Sam Stone (song)

Song by John Prine from the album John Prine
Released July 1971
Recorded American Recording Studios, Memphis, Tennessee
Genre Folk music
Label Atlantic
John Prine track listing
"Hello in There"
(3)
"Sam Stone"
(4)
"Paradise"
(5)

"Sam Stone" is a song written by John Prine about a drug-addicted veteran with a Purple Heart and his death by overdose. It appeared on Prine's eponymous 1971 debut album. The song was originally titled "Great Society Conflict Veteran's Blues".[1]

The most familiar refrain in the song is "There's a hole in daddy's arm, where all the money goes."

The song is usually interpreted as a reference to the phenomenon of heroin or morphine addiction among Vietnam war veterans. (An identical surge of addiction followed the Civil War, where morphine addiction was known as 'Soldiers Disease'). The song does not mention the Vietnam War, saying only that Sam returned from "serving in the conflict overseas." There is a single explicit reference to morphine but Prine alludes to heroin on several occasions including the use of the term "habit," slang commonly associated with heroin use, and the line "he popped his last balloon," very likely referring to one of the ways in which street heroin is commonly packaged - in small rubber balloons.[2]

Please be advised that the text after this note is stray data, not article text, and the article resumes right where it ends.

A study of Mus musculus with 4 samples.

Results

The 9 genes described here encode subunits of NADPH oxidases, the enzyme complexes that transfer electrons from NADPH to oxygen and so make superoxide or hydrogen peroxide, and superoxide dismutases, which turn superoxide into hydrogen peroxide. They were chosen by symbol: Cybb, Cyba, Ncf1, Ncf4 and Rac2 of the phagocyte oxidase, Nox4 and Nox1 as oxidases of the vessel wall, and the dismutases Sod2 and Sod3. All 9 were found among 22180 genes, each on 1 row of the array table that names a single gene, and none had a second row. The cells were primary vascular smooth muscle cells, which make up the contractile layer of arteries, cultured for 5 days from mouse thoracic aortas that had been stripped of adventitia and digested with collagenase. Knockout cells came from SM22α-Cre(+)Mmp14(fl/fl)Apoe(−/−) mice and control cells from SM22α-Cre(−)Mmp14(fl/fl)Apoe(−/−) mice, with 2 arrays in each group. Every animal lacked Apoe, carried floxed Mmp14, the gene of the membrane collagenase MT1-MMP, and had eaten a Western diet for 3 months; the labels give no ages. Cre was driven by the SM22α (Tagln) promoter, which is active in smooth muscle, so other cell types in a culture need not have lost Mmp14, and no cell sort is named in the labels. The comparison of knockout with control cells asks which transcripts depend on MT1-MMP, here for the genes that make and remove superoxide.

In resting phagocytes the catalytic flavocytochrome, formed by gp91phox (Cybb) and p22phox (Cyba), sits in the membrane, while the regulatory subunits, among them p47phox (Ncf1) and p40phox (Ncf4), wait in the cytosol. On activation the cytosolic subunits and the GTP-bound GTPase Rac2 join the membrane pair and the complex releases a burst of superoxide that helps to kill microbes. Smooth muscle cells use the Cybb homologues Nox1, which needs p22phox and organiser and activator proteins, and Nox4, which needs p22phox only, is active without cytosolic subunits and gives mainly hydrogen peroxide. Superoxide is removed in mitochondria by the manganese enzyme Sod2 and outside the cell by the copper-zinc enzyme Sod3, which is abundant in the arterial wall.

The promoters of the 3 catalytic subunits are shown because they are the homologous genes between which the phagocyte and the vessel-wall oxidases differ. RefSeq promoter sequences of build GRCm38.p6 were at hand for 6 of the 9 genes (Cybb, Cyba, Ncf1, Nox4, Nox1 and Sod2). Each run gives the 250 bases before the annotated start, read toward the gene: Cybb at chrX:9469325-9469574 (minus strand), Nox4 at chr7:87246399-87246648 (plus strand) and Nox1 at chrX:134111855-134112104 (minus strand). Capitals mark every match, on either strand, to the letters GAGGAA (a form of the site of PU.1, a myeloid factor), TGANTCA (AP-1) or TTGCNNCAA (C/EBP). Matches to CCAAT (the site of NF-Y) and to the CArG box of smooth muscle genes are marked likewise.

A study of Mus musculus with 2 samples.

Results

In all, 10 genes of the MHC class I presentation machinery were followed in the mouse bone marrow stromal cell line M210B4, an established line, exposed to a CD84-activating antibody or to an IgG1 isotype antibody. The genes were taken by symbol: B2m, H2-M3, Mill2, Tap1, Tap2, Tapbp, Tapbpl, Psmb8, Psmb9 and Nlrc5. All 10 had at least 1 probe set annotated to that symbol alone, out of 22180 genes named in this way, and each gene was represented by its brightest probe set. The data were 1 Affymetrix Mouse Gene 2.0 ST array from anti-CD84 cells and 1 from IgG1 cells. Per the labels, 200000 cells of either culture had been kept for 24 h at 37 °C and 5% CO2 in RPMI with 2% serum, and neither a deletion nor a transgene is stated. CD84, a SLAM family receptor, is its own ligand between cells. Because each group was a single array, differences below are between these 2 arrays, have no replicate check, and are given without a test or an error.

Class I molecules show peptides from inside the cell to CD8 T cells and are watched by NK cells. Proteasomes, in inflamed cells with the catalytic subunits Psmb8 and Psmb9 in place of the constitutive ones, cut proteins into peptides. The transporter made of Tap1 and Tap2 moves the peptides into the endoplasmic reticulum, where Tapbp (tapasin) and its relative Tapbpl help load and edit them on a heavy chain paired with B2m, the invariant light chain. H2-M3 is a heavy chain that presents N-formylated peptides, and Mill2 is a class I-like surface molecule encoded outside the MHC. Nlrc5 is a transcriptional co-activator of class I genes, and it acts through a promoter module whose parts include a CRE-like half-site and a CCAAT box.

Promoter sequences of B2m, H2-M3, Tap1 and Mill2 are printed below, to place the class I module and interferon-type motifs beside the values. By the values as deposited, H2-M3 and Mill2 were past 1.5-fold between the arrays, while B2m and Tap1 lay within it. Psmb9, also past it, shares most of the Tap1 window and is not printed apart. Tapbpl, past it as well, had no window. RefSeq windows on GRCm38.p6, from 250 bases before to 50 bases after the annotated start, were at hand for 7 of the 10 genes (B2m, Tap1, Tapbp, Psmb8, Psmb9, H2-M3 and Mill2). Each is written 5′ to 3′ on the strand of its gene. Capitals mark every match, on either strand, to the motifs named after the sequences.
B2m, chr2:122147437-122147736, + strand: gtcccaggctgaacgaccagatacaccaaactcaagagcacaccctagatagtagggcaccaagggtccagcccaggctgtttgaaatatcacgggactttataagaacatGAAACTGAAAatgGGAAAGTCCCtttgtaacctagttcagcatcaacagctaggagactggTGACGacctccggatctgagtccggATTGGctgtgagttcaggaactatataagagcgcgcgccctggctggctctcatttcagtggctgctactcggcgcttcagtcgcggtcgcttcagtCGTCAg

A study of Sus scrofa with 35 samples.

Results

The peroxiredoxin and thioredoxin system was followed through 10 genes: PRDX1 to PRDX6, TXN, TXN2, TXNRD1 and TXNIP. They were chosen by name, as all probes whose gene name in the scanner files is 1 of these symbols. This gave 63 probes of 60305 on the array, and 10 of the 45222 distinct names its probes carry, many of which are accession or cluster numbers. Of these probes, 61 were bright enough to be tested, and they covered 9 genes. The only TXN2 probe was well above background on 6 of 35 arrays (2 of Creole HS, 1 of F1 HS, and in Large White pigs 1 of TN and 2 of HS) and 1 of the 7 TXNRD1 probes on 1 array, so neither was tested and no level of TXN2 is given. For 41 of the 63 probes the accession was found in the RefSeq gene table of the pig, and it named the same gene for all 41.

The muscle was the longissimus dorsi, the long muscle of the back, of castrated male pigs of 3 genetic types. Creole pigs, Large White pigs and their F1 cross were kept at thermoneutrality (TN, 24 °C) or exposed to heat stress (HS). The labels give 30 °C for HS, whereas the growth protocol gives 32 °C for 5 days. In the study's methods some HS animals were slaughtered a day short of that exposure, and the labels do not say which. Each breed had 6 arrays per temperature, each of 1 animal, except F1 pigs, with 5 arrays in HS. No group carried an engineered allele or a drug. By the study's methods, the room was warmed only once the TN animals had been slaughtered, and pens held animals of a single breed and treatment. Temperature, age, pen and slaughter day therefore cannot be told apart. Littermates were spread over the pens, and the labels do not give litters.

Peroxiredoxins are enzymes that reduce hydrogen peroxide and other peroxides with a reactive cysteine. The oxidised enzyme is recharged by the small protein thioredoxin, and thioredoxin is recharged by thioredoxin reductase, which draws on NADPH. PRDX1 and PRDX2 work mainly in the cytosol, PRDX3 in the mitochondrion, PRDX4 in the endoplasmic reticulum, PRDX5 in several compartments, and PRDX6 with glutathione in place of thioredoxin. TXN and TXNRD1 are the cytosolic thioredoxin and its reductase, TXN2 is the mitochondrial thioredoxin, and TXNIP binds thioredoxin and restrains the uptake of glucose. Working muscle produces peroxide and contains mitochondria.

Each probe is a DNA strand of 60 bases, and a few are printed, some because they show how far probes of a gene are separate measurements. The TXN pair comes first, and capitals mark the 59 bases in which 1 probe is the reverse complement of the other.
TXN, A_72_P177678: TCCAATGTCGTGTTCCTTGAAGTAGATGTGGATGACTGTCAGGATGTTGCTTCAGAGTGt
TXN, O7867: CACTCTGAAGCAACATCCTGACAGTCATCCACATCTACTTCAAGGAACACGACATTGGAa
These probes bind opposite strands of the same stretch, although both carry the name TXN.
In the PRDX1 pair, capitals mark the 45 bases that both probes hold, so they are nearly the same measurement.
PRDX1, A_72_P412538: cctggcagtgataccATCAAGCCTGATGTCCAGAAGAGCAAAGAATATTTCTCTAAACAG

Mentions in Print[edit]

Time magazine July 24, 1972 [1][dead link]

"Sam Stone" ranked eighth in a Rolling Stone magazine poll of the ten saddest songs of all time.[3]

Allusions to "Sam Stone" in other songs[edit]

Parts of the melody of "Sam Stone" were used by Roger Waters in the opening of "The Post War Dream," a song on Pink Floyd's 1983 album The Final Cut. The song is indirectly referenced in "Cop Shoot Cop...", which closes Spiritualized's 1997 album, Ladies and Gentlemen We Are Floating in Space - the lyrics "There's a hole in my arm where all the money goes/Jesus Christ died for nothing, I suppose," are almost identical to the memorable refrain of "Sam Stone."

Other Recordings[edit]

See also[edit]

Soldier's Joy, a traditional song from the Civil War with a similar theme, about morphine and opium. The chorus runs "25c for the morphine, 15c for the beer/25c for the morphine, gonna get me out of here".

Notes[edit]

  1. ^ Laurin Penland (November 18, 2011). "John Prine: A Look Back At One Man's War". NPR Music. Retrieved June 4, 2014. 
  2. ^ "Special Investigations Heroin". Retrieved September 11, 2011. 
  3. ^ Andy Greene. "Readers' Poll: The 10 Saddest Songs of All Time". Rolling Stone. Retrieved June 4, 2014.